Missing Michael: The story of a Victoria boy who vanished without a trace

On four-year-old Michael Dunahee’s last Christmas with his family in 1990, he receives a big box of Teenage Mutant Ninja Turtles. Michael is a fan of the crime fighting turtles. He joyfully shouts ‘Turtle Power! ‘ as he plays with his new toys.

The moment is captured on home video shared by the Dunahee family. The video supports the research and production of ‘Missing Michael‘, a new podcast series about the boy’s high-profile disappearance in Victoria on Sunday, March 24, 1991.

‘Missing Michael’ begins with a focus on Michael and his world before he vanished.

Michael’s love of the Teenage Mutant Ninja Turtles is one of the things his parents Bruce and Crystal Dunahee remember fondly as they describe their son, who has now been gone more than 30 years.

“He is really outgoing, he likes planes and cars, like every little boy does and dump trucks. He is just learning how to ride his bike part without the training wheels, just starting to get that adventurism to venture out and play on his own. He was very articulate, he wasn’t afraid to talk,” said Crystal Dunahee of her son.

“He wasn’t really a big kid for his age, but he was pretty clever, very outgoing chatty,” added Bruce Dunahee.

The father says they were “just an ordinary little family, plugging along.” He recalls how when Michael’s baby sister, Caitlin, was born, the boy loved “holding the baby and doting over her.”

A young boy holds his baby sister as she sits on his lap

A young Michael Dunahee holds his baby sister, Caitlin. (Submitted)

Felicia Bernier was one of Michael’s neighbourhood playmates.

“I’ve got a picture of us sitting together in a chair at Christmas time. And that’s the only picture that I have of the two of us together,” she said.

Two young children sit on an armchair side by side

Felicia Bernier and Michael Dunahee sit on a couch as children. (Submitted)

Bernier recalls dressing up as the Teenage Mutant Ninja Turtles and trick or treating with her best friend when they were children.

“I have a picture of my Halloween costume the last year we went out for Halloween together. We were the Teenage Mutant Ninja Turtles. He was Mikey. I was Raph,” she recalled.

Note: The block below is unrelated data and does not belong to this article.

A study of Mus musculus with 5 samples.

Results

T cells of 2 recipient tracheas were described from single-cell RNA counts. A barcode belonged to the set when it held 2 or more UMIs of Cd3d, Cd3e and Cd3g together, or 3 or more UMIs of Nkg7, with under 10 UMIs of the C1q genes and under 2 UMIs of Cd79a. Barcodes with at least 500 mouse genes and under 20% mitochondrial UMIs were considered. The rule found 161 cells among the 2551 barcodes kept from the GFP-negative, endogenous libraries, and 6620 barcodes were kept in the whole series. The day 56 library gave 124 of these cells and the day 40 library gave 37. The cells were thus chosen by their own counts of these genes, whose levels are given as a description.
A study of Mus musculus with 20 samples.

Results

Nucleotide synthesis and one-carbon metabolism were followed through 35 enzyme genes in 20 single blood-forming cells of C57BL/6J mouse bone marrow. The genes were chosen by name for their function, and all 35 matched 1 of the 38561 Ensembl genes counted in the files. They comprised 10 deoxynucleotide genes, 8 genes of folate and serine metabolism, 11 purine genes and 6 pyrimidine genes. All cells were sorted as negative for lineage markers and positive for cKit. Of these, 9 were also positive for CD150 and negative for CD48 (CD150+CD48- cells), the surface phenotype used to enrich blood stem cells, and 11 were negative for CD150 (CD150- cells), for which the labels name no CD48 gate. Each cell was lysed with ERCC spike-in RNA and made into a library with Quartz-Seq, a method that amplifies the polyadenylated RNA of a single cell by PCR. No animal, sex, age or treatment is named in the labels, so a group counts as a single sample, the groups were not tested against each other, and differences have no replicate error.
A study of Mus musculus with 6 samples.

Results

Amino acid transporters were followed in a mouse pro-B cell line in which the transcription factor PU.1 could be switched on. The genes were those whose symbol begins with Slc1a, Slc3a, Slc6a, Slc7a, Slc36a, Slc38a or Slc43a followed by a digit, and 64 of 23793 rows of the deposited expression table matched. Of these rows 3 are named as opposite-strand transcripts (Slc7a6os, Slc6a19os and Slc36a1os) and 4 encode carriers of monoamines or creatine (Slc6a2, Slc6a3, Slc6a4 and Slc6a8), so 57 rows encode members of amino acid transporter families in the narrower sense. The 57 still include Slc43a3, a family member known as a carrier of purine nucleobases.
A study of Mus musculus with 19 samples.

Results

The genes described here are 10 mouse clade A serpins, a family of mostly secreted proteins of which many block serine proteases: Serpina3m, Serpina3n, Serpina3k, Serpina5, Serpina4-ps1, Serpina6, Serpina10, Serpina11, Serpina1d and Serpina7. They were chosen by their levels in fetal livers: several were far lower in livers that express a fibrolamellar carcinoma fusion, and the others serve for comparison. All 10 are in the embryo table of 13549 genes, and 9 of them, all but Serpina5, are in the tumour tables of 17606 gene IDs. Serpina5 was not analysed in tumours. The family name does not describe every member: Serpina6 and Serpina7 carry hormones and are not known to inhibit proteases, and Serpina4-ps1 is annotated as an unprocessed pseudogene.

“I picked Raphael because he had red and then Michael obviously chose Mikey/Michelangelo because he liked pizza.”

A young child dressed in a Teenage Mutant Ninja Turtles costume

A young Felicia Bernier dressed up as a Teenage Mutant Ninja Turtles character. (Submitted)

Michael, who would now be in his 30s, vanished in minutes from the former Blanshard Elementary school area while his family was nearby. In ‘Missing Michael’, listeners are invited to get to know Michael and those who love him. The series also takes the audience inside the investigation, including through interviews with Victoria Police detectives past and present.

“To get the opportunity at this point in my career to work on the case, it’s a privilege. It can be a little overwhelming and frustrating because it’s such a big case and you just want to solve it so badly. And so many people have come before you so it’s emotional for me to be connected with it,” Victoria Police Det.-Sgt. Michelle Robertson.

Read more: Missing Victoria boy Michael Dunahee focus of new podcast

On the day he vanished, Michael was wearing his beloved Teenage Mutant Ninja Turtles shirt. Back when Michael was a little kid, enchanted with the Turtles, Townsend Coleman was voicing the Michelangelo character. Now, the actor is lending his voice to an appeal heard in each episode of ‘Missing Michael’.

“Michael Dunahee loved the Teenage Mutant Ninja Turtles. Back when Michael was a little guy, loving the magic of the Turtles, I had the privilege of being the voice of Michelangelo. I’m Townsend Coleman, a voice actor, and one of the many people who want answers in Michael’s case. The Turtles were crime fighters who believed in justice. If you have any information about Michael, please head to MichaelDunahee.ca and click on the ‘Report a Tip’ button,” Coleman can be heard saying at the end of each episode.

Hundreds of volunteers and a number of police agencies helped try to find the boy, but no trace of Michael was ever found.

If you have information about the disappearance of Michael Dunahee, please go to Michaeldunahee.ca and click on the report a tip button, which will direct you to Victoria Police.

‘Missing Michael’ is a 10-part podcast series for Rogers Frequency Network. 

You can listen to this series and other Island Crime episodes on all podcast platforms. The first full episode drops on Jan. 18.

Rogers is the parent company of this station and the Frequency Podcast Network.